29 majors in the arts, humanities and natural and social sciences

The Constantin College of Liberal Arts is the center of undergraduate education at the University of Dallas. In addition to offering 29 undergraduate academic programs, Constantin College is also home to the Core curriculum, a course of study focused on the great works of Western civilization that’s taken by all undergraduates, regardless of major, designed to develop critical thinking skills and inspire intellectual inquiry through the rigorous examination of who we are and how we relate to God, nature and each other. With a student-to-faculty ratio of 10:1 and an average class size of 16, the courses in the Core curriculum provide an amazing atmosphere to develop the intellectual skills that will help you succeed throughout your academic career and the rest of your life. 

Studying in Rome

Constantin College is also home to UD’s Rome Program. This semester abroad — usually taken during the sophomore year — gives students the opportunity to experience firsthand the art, architecture, history and culture of Ancient Greece, the Roman Republic and Empire, the Early Christian Church and Renaissance Italy while staying at our beautiful campus located in the foothills of Rome.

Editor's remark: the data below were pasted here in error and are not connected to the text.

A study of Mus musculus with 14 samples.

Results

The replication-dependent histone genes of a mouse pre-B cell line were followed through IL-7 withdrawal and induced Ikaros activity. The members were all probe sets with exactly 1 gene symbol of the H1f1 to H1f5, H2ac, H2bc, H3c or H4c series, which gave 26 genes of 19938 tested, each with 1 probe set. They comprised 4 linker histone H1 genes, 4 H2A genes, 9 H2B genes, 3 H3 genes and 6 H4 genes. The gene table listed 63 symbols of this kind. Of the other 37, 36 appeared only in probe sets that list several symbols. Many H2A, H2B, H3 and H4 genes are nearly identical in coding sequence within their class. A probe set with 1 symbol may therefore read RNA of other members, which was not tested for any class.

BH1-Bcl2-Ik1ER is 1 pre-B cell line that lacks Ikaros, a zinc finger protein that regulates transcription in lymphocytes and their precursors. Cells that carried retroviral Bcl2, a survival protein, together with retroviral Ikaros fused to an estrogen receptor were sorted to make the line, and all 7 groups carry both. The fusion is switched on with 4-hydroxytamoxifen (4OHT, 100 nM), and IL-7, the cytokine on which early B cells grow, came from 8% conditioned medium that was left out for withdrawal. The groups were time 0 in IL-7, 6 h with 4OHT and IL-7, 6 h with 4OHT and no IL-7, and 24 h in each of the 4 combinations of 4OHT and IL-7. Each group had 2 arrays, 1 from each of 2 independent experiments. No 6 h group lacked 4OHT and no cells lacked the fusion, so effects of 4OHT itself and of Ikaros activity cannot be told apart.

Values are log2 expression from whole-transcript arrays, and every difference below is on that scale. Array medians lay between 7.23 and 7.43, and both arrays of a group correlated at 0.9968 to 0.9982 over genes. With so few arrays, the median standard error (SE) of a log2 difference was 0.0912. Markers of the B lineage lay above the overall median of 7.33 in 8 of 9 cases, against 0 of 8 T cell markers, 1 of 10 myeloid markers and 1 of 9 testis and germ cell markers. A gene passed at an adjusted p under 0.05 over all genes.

News

Scherer Lecturer Poses American Economy's 'Big Questions'

Father Joseph W. Koterski, associate professor of philosophy at Fordham University, will deliver the keynote for this week's University of Dallas Scherer Lecture, "A Practical Moral Vision for the American Economy," in which he addresses the state of current natural law reflected on economics.


A new insight and awareness of beauty became the subject of the essay, titled "Learning to See," that won Aspen Daniels, BA '19, first place in the fall 2016 University of Dallas Rome Program Essay Contest, which engages students studying abroad through the university's Rome Program in describing a place they visited or an encounter they had during their study abroad semester, exploring how some part of the Rome Program curriculum better enabled them to comprehend that experience.


I was shocked by the beauty I saw when I stepped inside the door, and I wondered how I could have missed this before. The church wasn't large, but it didn't need to be because a dome soared upwards above our heads, giving an impression of grandeur. Bea pointed out that the dome was topped by a "lantern," one of our key terms; as we looked around at the marble and gold, naming the different architectural decorations, we realized how much skill it had taken to craft every detail.